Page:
16 September, 2010
Previously in March 2006 the Lighting Detectives navigated the Nihobashi and Kanda Rivers. It was such a unique experience leaving the Lighting Detectives wanting more, that we have tweaked the Tokyo river float tour to include the Sumida River and a view of the Rainbow Bridge, for a dramatic 3-hour tour. While most of the elevated highway system puts a cap on portions of the center of Tokyo, this creates dark spots with a colorful nightscape in the background, best viewed from, where else, but on the rivers.
Survied by: Noriko Higashi, Haruka Sakoda, Genki Watanabe
The 3-hour Tour.
Lighting under the elevated highway system.
Ochanomizu Station Platform
Starting from Hamamatsucho Station, 40 Lighting Detectives boarded a houseboat rented from Nawasada Houseboat Company to navigate the Nihonbashi, Kanda, and Sumida Rivers of Tokyo in the cold and sprinkling rain. The Nihonbashi River, which is shielded mostly by the elevated highway system, started off the tour. From there, we navigated the more open canal of Kanda River, past Ryogoku Bridge, back to the Sumida River, and headed towards Asakusa. After viewing the Sky Tree, still under construction, the captain made a U-turn floating directly towards Odaiba and the Rainbow Bridge. In spite of the rain and cold weather, tour participants, all decked out in rain ponchos, boarded the boat and continuously snapped photos along the tour route, all seemly enjoying the different perspective of the Tokyo city center.
Tokyo River Float Tour Route
Depart from Nawasada Houseboat Company
Navigate to Nihonbashi River via Sumida River
Float to Kanda River via the Iidabashi Area
From Kanda River back to Sumida River
From Asakusa downriver to Odaiba
Turn around in Tokyo Bay back to Nawasada Houseboat Company
From the Sumida River, under Eitai Bridge, Nihonbashi River takes a curve to the left. The width of the river narrows enormously, as the old townscape of the Edo Period floats by. During the Edo Period this river was central to life; however that scene is all but distant. Now, most buildings have their back to the river and pedestrian traffic is oblivious to the presence of a river. Lighting along the river is also sparse with some fluorescent lighting from office buildings finding its way to the water’s edge. Light from the elevated highway system is only function, at best with no consideration for the view or apparent city planning. I thought that light from bridges or waterfront cafes shimmering on the water`s surface was a rich asset to a city`s nightscape and a source of relaxation for residents, but this is one area of Tokyo waterfront that is forgotten and forsaken.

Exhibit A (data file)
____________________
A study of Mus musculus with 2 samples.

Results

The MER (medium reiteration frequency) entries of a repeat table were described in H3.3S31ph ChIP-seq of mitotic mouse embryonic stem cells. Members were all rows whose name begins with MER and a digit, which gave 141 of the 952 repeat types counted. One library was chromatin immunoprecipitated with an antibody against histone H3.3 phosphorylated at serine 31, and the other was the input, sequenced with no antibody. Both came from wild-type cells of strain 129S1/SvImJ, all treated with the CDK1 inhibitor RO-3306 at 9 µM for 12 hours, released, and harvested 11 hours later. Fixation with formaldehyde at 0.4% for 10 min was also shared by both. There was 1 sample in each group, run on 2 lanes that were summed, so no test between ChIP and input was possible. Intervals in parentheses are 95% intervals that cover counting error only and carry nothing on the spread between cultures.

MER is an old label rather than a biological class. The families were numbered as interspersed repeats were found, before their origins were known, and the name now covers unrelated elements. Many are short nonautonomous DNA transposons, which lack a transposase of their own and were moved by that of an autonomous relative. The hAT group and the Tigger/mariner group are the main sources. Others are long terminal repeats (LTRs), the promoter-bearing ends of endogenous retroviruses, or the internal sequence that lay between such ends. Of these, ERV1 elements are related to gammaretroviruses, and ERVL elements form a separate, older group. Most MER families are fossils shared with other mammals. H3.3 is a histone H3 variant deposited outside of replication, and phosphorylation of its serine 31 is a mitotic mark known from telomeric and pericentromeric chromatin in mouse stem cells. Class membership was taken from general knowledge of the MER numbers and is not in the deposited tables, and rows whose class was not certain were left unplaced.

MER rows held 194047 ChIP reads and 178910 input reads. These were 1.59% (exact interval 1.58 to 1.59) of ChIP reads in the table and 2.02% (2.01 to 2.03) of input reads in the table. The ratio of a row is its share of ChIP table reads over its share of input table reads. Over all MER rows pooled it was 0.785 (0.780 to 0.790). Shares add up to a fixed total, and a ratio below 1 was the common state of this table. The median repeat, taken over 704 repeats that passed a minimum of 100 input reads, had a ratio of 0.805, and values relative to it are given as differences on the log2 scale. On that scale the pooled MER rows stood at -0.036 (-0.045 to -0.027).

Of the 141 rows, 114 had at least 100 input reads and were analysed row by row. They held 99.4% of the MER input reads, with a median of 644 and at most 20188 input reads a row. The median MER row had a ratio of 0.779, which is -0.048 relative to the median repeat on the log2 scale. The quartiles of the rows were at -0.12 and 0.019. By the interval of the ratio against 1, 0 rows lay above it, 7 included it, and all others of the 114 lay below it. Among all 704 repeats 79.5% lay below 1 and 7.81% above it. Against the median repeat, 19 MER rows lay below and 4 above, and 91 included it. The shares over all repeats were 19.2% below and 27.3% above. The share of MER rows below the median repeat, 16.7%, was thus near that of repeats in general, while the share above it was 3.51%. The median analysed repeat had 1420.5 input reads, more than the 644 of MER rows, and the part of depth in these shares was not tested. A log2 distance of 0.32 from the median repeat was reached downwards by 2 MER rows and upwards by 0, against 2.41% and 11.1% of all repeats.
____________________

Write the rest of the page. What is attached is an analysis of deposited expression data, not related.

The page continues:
Along the Kanda River there were three spots with very memorable nightscapes: Ochanomizu, Akihabara, and the Yanagi Bridge at the mouth to Sumida River. Compared to Nihonbashi River, which is illuminated by roadway lighting from the elevated highway system, Kanda River is relatively dark. In the darkness these three locations along the river proceed with their own unique rendition of light. Ochanomizu seems deep, like a river canyon in the city, with walls of the city rising along the river banks and light from the station platforms shimmer on the water surface. The scene is almost like a stage in a concert hall. On the other hand Akihabara is alive with kinetic light from the electric town. The dynamic facade lighting stretches to the rivers edges with a colorful display on the water surface. Finally, the Yanagi Bridge is intensely illuminated in green light. From the boat, the illumination is powerful and the shimmering reflection on the water one-of-a-kind, but the fixtures are keenly mounted as not to blind pedestrian traffic. Floating the Nihonbashi and Kanda Rivers, I noticed the most of the buildings do not face the river, but have their back to it. From a pedestrians point of view this isn`t as obvious, but floating on the river gives one a unique view of the city center.
The last leg of the tour along the Sumida River towards Odaiba allows an impressive view of the Rainbow Bridge. Floating down river the wide angle view of the Rainbow Bridge includes the surrounding high-rise condominiums, office buildings, and Tokyo Tower for a sweeping view of the Tokyo nightscape. However, the rain and mist along the river kept the bridge hidden until, through the darkness it was a shining beacon of light. Compared to viewing the bridge from a distance, it was a very fantastic picture up close. I realized that to effectively illuminate symbolic architecture it is important to understand the surrounding lighting environment in terms of color, strength, and contrast.